Ive always been fascinated by botanical art, such intricacy and detail capturing something that so many of us take for granted. It might also have something to do with growing up with the books of May Gibbs. I still cant but help think of gumnut babies every time I see those little green caps scattered across the ground under the trees. Her illustrations were art in their own right.
Which is why Ill be getting along to see Flora of Australia, which opens at the Ainslie Arts Centre on May 18. The Canberra exhibition is part of a worldwide exhibition which aims to promote an appreciation and understanding of our precious plant diversity.
Exhibitions will be held concurrently around the world, 23 countries on six continents will also display their native flora, and you can connect with these in Canberra via a digital slide show showing 40 of the best works from each of the participating countries.
Nine Canberra artists feature in the Australian exhibition: Nilavan Adams, Wendy Antoniak, Cornelia Buchen-Osmond, Helen Cohen, Helen Fitzgerald, Sue Grieves, Cheryl Hodges, Morgyn Phillips and Halina Steele.
During the exhibition, being organised by the Botanical Art Society of Australia, many other activities relating to plant diversity and botanical art will be held including floor art tours and workshops. For more details head to botanicalartworldwide.info
At the Ainslie Arts Centre, until May 27.
Days like this …
Greg Daly, one of Australias leading ceramicists, specialises in rich glaze effects that explore the way natural light plays on the countryside throughout the passage of a day.
One of the most satisfying characteristics of lustreware is its ability to respond to and reflect light and Daly uses his ceramics to capture this.
The Australian landscape is a constant in his art, particularly the countryside around Cowra in the central west of New South Wales and its rich and fluid surfaces.
“The first and last light of the day, light through cloud, light behind cloud, light diffused by rain and storm, the moment just after sunset when the land glows for a short while,” he has written. “These are the moments I look for and it is in the nature of lustre to capture these”.
Days Like This … on exhibition at the Nancy Sever Gallery until June 17.
From Under the Rubble is a new documentary feature about a peaceful, close-knit family of farmers in Gaza – the Samounis – 48 members of whom were killed when they were herded into a house by the Israeli Defence Force and then fired upon, as part of Israels battle with Hamas in January 2009.
The film is narrated in a raw, intimate, unflinching way, largely by Amal Samouni, who was nine years old when the house she was sheltered in was bombed. Amal was buried under rubble for four days, surrounded by the dead and rotting bodies of family members, until aid workers were finally permitted to enter the area and rescue her. With this film, Australian writer, producer and director Anne Tsoulis has set out to give voice to the civilian perspective on war, and call attention to the fact that the overwhelming majority of those killed and injured in conflict zones are women and children.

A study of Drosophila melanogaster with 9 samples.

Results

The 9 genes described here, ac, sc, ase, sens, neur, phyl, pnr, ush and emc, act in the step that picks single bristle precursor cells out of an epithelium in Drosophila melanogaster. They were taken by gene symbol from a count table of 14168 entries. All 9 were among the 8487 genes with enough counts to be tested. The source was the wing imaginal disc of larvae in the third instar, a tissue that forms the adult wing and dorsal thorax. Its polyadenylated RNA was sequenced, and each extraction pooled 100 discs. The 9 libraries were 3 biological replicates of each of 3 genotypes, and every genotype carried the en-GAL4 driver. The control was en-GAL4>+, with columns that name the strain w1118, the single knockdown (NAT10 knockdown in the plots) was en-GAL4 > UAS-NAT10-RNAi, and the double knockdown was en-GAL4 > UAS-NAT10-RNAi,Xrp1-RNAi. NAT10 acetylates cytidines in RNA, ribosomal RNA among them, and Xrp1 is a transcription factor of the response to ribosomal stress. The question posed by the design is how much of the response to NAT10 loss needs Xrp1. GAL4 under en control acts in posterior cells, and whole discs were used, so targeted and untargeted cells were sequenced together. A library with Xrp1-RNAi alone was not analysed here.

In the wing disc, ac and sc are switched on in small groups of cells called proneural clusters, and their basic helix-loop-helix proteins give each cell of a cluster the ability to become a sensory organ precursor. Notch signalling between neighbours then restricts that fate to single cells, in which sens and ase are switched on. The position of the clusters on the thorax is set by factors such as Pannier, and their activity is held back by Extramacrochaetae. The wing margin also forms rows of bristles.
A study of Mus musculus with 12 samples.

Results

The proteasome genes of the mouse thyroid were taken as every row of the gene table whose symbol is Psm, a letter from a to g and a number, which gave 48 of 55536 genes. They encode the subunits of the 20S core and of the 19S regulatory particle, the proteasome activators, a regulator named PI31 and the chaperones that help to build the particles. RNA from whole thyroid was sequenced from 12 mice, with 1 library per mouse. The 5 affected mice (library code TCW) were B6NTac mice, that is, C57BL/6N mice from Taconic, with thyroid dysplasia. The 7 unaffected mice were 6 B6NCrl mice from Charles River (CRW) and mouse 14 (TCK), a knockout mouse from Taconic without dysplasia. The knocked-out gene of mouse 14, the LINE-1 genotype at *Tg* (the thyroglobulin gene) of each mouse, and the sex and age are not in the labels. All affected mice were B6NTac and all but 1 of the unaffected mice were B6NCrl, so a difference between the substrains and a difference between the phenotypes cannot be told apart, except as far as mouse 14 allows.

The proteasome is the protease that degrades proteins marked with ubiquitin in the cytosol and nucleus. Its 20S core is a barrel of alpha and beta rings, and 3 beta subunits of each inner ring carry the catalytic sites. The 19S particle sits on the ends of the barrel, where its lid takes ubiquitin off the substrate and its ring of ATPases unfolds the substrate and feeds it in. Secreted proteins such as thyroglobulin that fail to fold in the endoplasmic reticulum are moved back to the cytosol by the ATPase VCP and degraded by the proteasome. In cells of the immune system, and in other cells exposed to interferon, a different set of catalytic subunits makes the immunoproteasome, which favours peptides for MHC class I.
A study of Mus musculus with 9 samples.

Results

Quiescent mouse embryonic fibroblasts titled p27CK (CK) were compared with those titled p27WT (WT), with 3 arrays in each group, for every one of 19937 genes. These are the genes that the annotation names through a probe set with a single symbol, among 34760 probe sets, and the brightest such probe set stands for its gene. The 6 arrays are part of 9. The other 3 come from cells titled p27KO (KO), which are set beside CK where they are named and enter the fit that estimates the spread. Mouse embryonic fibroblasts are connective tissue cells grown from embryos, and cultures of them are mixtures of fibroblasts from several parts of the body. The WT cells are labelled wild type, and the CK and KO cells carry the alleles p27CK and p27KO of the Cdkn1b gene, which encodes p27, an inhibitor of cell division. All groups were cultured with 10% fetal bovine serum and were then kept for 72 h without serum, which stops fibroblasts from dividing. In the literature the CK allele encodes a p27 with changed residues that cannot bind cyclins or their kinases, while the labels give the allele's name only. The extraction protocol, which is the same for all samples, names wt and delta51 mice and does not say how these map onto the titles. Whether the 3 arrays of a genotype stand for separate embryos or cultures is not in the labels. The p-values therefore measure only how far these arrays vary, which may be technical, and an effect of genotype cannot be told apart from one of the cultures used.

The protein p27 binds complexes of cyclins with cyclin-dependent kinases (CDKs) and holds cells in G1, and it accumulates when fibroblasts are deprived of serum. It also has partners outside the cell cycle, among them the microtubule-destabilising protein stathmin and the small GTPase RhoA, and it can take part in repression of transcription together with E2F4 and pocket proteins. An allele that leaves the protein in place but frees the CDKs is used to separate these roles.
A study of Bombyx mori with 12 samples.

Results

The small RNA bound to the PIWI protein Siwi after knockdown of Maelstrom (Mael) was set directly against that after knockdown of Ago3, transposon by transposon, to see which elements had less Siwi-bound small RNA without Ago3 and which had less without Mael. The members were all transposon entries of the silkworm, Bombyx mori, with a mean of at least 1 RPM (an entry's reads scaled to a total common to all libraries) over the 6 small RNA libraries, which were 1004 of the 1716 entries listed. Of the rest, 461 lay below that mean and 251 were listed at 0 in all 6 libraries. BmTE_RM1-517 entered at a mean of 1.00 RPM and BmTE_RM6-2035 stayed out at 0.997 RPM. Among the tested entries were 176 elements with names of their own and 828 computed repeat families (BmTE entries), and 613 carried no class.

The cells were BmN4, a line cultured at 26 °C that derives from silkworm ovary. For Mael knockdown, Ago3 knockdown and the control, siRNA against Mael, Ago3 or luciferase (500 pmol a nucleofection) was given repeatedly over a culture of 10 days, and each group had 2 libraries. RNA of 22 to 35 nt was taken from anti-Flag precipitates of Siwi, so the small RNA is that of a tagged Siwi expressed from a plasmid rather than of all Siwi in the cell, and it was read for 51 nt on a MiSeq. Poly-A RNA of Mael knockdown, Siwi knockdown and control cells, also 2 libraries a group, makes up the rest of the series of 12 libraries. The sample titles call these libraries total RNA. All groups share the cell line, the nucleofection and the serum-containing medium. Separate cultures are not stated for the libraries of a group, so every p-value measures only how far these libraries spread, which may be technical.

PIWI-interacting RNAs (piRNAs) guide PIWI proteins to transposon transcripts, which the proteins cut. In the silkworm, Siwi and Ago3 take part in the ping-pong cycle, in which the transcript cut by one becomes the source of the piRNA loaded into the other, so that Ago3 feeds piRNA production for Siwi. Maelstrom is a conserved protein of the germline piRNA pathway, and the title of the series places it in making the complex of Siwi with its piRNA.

On Tuesday May 22 therell be a screening at Parliament House where Tsoulis will speak about the film. It also screens for the general public at the National Film and Sound Archive in Canberra on Friday May 25.
Quick, get in the car now for The River of Art festival which lights up the far south coast for a few days. From Durras to Bermagui, youll find exhibitions, workshops, music, dance, theatre, busking and more.
Therell be three festival hubs, the Eurobodalla Botanic Garden just south of Batemans Bay, the Air Raid Tavern in Moruya, and Club Narooma.
One exhibition not to miss is the Splinters exhibition in Moruya, where woodworkers will exhibit a range of skills and techniques, from marquetry to handcrafted timber surfboards.
For more information head to riverofart.com.au
Safe Operating Space showcases the work of Canberra-based artist Amy Dunn. In this exhibition, Dunn presents a series of new works, laser-etched and painted on perspex, of the figure in landscape, while also including her photographic works and drawings. These works address human pressures on the environment and the increasing urgency to define a sustainable relationship with the Earth: our life support system.
This exhibition breaks down this relationship to comment on how fleetingly we inhabit the natural world. They are the result of her exploration into how to amalgamate images which communicate the photographic and the painterly simultaneously.
Opening at ANCA on May 23, until June 10.
Karen Hardy is a reporter at The Canberra Times.